This afternoon I have another gig at an area home for seasoned citizenry. I recently signed up for a Pittsburgh program that does this, and played my first program last month.
You may have noticed I don't line my website with testimonies or a biography. You know, the kind of biographies that usually begin "so and so is one of the leading voices of his/her generation" and include adjectives like "in demand" and "active" or, if the pianist in question is writing for more general audiences (you did know we generally write our own bios right? Well, the secret's out now), phrases like "has dazzled audiences around the world from an early age." Or testimonies from excited customers who bought the product and it transformed their lives.
But here are a couple of things I wanted to share from my program two weeks ago. When I showed up, the piano was shoved into a corner so it wouldn't get in anybody's way. It was also going to be difficult to make myself heard from the rear corner of the room so I asked if I could move it. I could, and I did.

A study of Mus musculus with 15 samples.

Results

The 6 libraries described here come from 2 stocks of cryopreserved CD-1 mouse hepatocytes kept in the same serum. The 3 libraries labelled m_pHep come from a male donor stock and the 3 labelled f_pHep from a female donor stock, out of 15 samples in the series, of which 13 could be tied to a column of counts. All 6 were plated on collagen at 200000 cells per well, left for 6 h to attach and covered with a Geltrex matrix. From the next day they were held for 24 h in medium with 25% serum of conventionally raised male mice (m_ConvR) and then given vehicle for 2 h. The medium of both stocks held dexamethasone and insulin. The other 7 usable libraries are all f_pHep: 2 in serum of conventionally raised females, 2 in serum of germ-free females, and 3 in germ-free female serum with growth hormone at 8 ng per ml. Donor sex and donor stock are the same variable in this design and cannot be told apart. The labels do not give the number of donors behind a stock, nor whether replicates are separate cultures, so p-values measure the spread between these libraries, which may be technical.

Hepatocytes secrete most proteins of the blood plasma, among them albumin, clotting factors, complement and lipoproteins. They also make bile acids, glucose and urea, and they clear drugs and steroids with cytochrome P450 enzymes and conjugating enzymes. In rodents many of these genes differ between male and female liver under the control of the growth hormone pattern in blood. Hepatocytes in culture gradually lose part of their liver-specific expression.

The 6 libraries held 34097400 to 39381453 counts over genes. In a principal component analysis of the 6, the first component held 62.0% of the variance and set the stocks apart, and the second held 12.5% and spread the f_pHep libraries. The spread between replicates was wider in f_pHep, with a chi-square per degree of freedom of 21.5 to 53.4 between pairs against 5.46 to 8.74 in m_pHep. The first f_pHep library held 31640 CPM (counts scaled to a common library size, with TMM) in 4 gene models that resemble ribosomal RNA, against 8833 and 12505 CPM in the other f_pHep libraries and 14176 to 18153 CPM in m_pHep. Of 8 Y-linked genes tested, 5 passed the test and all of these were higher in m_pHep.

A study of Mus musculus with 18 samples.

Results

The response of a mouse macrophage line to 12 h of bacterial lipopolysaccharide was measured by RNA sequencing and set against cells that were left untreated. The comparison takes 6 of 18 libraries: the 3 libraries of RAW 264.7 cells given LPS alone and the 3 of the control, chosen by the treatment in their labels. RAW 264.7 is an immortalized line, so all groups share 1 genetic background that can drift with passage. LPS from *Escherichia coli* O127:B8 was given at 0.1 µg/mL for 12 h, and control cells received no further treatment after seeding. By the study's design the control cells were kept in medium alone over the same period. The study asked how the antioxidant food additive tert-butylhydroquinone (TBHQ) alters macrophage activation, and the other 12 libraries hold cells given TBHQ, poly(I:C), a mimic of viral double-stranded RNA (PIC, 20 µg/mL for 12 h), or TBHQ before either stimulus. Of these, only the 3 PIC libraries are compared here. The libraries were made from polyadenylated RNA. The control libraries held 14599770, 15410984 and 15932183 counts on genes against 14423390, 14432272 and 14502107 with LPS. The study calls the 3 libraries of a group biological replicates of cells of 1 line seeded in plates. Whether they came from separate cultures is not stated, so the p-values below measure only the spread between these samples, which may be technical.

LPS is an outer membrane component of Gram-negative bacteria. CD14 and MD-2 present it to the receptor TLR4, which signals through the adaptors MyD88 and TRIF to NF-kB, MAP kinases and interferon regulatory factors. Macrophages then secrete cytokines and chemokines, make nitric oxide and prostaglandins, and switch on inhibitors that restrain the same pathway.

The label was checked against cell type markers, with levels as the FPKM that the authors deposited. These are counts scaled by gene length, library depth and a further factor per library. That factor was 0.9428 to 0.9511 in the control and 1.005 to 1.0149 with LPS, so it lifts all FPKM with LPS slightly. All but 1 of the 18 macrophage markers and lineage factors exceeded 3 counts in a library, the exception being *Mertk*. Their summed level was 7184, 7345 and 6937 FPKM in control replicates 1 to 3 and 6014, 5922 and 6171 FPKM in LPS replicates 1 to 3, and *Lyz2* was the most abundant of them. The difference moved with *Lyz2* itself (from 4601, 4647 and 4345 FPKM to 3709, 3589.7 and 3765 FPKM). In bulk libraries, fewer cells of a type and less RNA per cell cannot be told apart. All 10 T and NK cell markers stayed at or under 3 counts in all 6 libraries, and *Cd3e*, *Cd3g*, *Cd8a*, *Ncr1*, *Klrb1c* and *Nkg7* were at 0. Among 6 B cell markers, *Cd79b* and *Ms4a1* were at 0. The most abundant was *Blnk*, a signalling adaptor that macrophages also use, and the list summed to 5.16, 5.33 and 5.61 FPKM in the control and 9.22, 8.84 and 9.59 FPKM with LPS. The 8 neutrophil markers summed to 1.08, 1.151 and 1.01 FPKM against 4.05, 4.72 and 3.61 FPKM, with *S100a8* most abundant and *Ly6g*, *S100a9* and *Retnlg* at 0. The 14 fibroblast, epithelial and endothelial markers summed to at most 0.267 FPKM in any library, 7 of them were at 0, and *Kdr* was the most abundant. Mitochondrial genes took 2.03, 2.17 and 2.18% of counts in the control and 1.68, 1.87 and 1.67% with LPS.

One member of the audience said gratefully, "nobody has ever moved the piano out of the corner of the room before!"
Now maybe that doesn't go up on the wall with the kinds of pretty adjectives critics in newspapers string together when you've given a laudable concert, but I didn't think it was half bad. Besides, there is a time for "boldly and surely" and "wonder to behold" and then there is the utility of just moving the piano so people can hear you better, see you better, and feel like you are trying to connect with them even if it requires the gargantuan step of moving furniture.
And when it was over, I was apparently voted "excellent" and the residents hoped I'd come back. I know because a gentleman sent me an email and told me the news and how much he appreciated the concert.
In ten days I'll be playing the organ for a room full of doctors. Before that there are a couple of church services. First I have this afternoon's gig. I have to go print out the program for it.
Maybe I'll include a bio. Starting with the line "Michael Hammer likes to connect with his audience so much he's willing to move furniture."
I don't much like to be repetitive, and I'll bet that's not something you'll see in many biographies.
But in its own way, it's pretty cool.